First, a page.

Angels in America | Study Guide

Tony Kushner




Scene 1

Joe and Louis are in bed; Hannah and Harper are in Harper's living room. Joe sometimes crosses into Harper's scene, and Harper into Joe's, as if in a dream. Since Joe's departure and her arrest, Harper's been wearing the same nightgown day and night. Hannah helps Harper fix herself up. Harper appears in Louis's bedroom, and she and Joe talk about whether Joe is in love with Louis. Joe wakes up next to Louis in the morning. Louis complains about his dreams. Joe claims he doesn't dream at all, or perhaps he doesn't remember them.

Scene 2

Roy snarls on the phone, ordering someone to stall the committee investigating him. Ethel Rosenberg, whom Roy sent to the electric chair, appears and so does Belize; Roy curses them both. Roy shows Belize his stash of AZT. Belize asks for some; Roy refuses at first, flinging racial insults at Belize. When Belize refuses to be intimidated by the insults, Roy softens and allows him to take one bottle. Belize takes three. Ethel tells Roy she attends the meetings of the committee preparing to disbar him.


The characters in Angels in America are from very different walks of life, and often Kushner can bring them together only by staging split scenes or having them meet in dreams, as in Scene 1. The dream travels of Joe and Harper are unrealistic but psychologically plausible; couples who have just broken up often continue to haunt each other for some time. Harper is still in Brooklyn, where Hannah cares for her, and Joe is living with Louis in New York, but Harper crosses time and space to have a heart-to-heart conversation with Joe by magically appearing in Louis's apartment. Migrations that could not physically or realistically occur, such as the Angel crashing through the ceiling or characters visiting each other in dreams, recur throughout Angels in America, particularly at moments when humans struggle to connect with each other or to process traumatic events.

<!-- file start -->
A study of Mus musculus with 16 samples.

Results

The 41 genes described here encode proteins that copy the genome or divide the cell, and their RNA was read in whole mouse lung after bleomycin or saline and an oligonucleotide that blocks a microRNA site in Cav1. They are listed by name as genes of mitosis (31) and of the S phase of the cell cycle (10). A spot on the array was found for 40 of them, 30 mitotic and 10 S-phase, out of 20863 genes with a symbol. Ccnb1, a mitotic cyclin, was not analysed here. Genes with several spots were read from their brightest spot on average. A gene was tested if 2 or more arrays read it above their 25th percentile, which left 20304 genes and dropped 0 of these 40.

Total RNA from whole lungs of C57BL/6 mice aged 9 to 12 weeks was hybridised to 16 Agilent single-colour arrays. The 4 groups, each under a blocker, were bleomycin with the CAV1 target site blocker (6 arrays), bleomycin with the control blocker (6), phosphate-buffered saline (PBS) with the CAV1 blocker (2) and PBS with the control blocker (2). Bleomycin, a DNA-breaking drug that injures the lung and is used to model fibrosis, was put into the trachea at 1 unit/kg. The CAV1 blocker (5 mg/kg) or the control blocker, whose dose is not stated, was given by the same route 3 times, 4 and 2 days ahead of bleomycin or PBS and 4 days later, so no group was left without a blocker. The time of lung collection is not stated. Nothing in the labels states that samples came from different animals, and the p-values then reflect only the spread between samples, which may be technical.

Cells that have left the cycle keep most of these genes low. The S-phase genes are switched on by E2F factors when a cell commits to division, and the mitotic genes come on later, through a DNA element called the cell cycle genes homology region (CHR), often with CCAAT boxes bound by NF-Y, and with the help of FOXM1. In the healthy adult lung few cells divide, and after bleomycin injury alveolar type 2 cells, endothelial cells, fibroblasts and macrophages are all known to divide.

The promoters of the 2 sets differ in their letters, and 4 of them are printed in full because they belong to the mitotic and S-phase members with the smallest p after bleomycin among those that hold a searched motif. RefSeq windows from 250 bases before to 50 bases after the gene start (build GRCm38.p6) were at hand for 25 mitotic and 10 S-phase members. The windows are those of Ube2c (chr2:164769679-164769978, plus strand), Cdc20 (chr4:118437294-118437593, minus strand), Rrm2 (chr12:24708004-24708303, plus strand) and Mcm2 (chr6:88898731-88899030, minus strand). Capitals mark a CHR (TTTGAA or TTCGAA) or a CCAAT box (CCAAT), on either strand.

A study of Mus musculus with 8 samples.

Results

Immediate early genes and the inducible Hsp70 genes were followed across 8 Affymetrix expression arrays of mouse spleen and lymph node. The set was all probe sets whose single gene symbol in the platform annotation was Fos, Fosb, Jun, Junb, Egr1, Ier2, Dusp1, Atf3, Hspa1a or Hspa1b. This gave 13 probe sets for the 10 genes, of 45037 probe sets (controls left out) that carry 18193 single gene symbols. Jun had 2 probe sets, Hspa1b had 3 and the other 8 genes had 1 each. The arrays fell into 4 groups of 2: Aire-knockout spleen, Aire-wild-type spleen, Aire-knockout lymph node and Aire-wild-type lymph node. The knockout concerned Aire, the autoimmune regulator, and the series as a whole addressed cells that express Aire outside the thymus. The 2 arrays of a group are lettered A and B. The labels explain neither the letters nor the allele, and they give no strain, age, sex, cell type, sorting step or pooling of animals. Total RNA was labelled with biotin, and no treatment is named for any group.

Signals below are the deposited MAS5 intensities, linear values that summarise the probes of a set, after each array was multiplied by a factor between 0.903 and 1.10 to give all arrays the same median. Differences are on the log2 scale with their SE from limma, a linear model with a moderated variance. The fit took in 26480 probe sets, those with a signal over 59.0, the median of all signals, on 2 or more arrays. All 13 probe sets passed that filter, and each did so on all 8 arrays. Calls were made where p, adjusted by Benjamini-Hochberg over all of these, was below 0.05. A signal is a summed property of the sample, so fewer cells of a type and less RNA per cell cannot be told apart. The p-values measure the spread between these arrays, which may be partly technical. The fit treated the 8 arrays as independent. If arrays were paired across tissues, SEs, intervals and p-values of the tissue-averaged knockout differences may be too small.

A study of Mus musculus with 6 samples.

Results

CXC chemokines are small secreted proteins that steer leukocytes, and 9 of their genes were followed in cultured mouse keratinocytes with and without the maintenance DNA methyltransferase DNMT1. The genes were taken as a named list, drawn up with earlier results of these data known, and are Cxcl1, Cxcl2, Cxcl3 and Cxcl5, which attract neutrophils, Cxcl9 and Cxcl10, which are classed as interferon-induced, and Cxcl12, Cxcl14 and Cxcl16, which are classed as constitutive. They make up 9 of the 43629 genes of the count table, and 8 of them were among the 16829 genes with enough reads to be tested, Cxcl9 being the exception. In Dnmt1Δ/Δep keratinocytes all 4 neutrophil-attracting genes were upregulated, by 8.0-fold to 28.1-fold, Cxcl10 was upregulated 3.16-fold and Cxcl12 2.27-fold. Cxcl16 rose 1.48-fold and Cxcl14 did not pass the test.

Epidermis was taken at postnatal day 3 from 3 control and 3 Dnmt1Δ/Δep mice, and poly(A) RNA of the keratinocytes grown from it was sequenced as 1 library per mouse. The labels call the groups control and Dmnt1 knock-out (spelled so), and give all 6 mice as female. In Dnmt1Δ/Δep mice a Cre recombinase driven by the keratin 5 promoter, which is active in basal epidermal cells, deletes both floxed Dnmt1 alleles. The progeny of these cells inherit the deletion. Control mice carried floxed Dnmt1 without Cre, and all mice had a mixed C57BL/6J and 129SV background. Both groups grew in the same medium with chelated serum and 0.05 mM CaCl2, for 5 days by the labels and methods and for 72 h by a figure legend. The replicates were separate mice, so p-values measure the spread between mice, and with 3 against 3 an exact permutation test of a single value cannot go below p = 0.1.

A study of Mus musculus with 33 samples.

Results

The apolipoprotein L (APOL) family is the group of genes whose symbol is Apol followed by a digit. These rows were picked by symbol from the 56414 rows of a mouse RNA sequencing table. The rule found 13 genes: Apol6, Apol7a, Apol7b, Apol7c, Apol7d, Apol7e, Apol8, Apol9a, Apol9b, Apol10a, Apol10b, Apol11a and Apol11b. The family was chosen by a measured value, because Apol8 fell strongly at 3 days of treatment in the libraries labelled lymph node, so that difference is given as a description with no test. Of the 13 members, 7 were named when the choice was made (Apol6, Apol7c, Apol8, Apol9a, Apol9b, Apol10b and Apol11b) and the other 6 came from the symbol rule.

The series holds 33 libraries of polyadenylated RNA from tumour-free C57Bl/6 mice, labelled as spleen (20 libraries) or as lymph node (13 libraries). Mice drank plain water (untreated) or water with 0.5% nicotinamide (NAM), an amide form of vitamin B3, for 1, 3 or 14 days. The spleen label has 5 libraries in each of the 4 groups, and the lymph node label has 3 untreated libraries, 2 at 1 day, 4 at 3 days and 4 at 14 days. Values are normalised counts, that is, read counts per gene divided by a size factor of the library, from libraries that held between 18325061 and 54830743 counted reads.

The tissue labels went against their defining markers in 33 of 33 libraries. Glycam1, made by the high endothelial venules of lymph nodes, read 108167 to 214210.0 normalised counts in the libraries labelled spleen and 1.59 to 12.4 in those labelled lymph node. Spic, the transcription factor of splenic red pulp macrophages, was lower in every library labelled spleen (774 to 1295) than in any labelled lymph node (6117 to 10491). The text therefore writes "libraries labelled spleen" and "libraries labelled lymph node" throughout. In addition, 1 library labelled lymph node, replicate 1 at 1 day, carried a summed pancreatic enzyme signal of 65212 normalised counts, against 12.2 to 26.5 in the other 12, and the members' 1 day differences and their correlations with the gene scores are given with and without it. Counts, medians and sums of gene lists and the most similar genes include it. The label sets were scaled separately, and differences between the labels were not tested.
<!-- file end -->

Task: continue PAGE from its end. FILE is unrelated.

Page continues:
The historical Roy Cohn was indeed fighting not to be disbarred at the end of his life, over a scandal involving a limousine company, as Roy mentions in the play ("the LIMO thing"). And he did inveigle himself into the AZT trial, one of only 28 patients in the country. But Kushner's fictionalized Roy Cohn goes beyond a historical portrayal to become one of contemporary drama's great villains; Louis will call him "the polestar of human evil" in Act 4, Scene 5 of Perestroika. It is Roy's brash and scornful admissions of his own wrongdoings that make him a great villain. He shamelessly hoards his AZT, more proof of his "clout." Like the open secret of his homosexuality, Roy's evil is something he almost dares others to acknowledge as proof of his power.

On the level of plot, Roy has little to do with the most important characters, Louis and Prior; this is unusual for a stage villain. But thematically Roy casts a long shadow. As a closeted queer and as a Jewish man, Roy makes "the crossing" every day, as the rabbi says at the play's start. Furthermore, it's partly Roy who made the world Louis and Prior and Joe live in, first in alliance with McCarthy's "lavender scares," which persecuted gay men in government posts, and then in alliance with the Reagan administration, which was slow to take action in the AIDS crisis.